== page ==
Literary Pornography? Stella is curious.
What do you think is the difference between literary pornography and pornography? Bigger words in the former? Better words in the former? Can’t be that–some words are the same length and have the same importance no matter where or in what type of publication they’re written.
Yesterday I read a piece in a publishing magazine–a long, complimentary, even gushy article about a book that is (gasp) literary pornography. This offering has lots of pretty fabulously done illustrations. Pornographic illustrations. I will have to pick up the book because I always was a sucker for a good picture or two.
How many of you have read EXIT TO EDEN by Ann Rampling, alias, Ann Rice? In this lauded book, the founder of an exclusive resort dedicated to sexual fantasy (very cleverly called, The Club) develops a crack in her iron self esteem when she falls in love with a photojournalist employed as a slave at The Club. (Anything familiar here?) Before you rush out to buy your copy, I should tell you that this is literary pornography so you should be prepared for big, important words like, ass, breast, cock, cream, sweat, possibly even the odd taxing phrase (this is my own creation) such as, “Through the veil of demand, he dragged her and she went, gladly, into the reaching arms of a dozen writhing young male gods, all smiling, all erect, and all determined to be satisfied.”
Major warp to the middle-aged writer, pleasantly round with a sweet face (unfortunately covered with too much makeup at the moment) wearing a low-cut short, black satin dress, black fishnet hose, and possibly some sort of veil arrangement, the type with the spots that remind us of fuzzy beauty marks carried in little comfit boxes in the seventeen hundreds. The natural variety would be moles.
This nice, earnest, eager writer is trying to be sexy. She’s writing “Erotica” and has decided to leap to the middle of the fantasies and dress the part. Too bad they arrest you for running around naked–it would be so much simpler. This is a nice if naive woman. She probably enjoys what she writes and feels power and control when she’s working, but she won’t be written up anywhere as having produced a piece of literary pornography and she’s looking for a publicity angle–we’re all looking for publicity angles, just not always the one our lady author has chosen. But she’s having fun, feels special and may even have written some entertaining pornography.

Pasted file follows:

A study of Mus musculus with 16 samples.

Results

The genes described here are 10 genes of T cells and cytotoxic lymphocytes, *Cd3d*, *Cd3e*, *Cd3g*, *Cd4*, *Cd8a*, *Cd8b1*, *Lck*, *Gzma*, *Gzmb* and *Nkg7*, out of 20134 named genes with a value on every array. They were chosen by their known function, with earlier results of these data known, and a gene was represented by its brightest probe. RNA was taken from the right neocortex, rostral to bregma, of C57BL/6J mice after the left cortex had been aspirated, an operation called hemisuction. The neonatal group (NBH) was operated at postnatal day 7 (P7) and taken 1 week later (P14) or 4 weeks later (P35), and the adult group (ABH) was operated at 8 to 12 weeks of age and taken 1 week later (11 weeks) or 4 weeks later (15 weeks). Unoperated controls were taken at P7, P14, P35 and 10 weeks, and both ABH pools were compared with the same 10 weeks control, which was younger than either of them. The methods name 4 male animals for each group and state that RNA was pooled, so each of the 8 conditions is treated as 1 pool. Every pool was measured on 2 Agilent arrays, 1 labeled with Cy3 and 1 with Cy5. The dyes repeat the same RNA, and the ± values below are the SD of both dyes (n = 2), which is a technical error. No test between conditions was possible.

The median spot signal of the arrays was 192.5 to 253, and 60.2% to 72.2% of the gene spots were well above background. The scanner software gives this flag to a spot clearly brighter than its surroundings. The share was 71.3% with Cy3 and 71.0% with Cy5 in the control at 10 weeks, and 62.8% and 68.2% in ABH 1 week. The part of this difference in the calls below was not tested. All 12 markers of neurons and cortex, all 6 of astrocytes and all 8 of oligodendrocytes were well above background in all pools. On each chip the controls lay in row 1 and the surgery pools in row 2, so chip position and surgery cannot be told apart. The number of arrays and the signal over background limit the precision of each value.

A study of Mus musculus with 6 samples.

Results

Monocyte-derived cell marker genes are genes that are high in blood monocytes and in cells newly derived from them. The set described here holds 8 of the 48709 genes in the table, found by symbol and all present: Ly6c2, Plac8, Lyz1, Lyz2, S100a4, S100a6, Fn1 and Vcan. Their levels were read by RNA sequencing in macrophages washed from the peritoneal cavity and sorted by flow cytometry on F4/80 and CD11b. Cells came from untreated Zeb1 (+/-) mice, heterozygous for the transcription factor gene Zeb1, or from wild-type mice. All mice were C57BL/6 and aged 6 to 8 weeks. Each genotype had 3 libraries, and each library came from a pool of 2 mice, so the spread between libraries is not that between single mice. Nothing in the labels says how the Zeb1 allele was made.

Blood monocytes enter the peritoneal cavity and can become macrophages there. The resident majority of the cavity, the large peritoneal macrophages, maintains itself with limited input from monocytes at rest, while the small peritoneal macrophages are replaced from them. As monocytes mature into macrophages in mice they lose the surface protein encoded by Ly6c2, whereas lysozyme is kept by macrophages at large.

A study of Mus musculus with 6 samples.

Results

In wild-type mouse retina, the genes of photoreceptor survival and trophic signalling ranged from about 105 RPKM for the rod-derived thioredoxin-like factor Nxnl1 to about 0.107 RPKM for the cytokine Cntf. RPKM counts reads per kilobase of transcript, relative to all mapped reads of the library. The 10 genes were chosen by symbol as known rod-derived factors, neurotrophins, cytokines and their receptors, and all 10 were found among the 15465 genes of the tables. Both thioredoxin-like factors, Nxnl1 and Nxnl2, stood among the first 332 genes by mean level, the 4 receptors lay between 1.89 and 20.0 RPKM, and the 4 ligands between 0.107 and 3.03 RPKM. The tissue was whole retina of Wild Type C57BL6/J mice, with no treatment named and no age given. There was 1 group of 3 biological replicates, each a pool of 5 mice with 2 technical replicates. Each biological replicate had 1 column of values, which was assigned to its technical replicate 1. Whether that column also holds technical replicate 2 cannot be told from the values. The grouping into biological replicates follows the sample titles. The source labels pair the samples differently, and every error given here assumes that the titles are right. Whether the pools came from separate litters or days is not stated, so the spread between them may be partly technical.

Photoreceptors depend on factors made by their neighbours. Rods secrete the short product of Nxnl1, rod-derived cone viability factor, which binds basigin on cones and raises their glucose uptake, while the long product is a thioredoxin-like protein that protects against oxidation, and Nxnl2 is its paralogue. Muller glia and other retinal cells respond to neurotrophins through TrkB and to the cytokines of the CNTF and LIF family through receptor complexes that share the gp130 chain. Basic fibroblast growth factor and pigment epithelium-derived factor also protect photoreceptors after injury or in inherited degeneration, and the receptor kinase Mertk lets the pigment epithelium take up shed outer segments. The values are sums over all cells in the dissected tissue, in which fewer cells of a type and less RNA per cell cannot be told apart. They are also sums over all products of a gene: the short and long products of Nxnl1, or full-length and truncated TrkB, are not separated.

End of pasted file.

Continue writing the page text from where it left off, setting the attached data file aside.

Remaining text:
The world of publishing magazines wouldn’t even consider remarking on one of this author’s books because they’re full of “kinky sex,” “gratuitous sex,” and they are “weak on plot, characterization and meaningful emotion.”
Yes, I’d croak before I put on a veil (except maybe on an opera hat) but I will defend the right of another writer to wear seven veils if she wants to. And I’ll stoutly announce that while one story of pornography/erotica (Why don’t we drop “erotica” which is meant to soften the idea of pornography? Be proud of whatever skill you practice.)–anyway, I’ll argue that there will always be different levels of brilliance in any art form, but an ass is an ass . . . isn’t it?
Question: Although I've already asked a number of questions. If some people didn't, deep down (or even not so deep down) think sex is bad, particularly sex that explores possibilities beyond missionary position, would the worlds of Hollywood, TV, Advertising, Fashion, The Internet, and so many other successful endeavors collapse?
And what word can we use to replace "sexy" now that it's come to mean anything from a fast car to a provocative debate on global warming?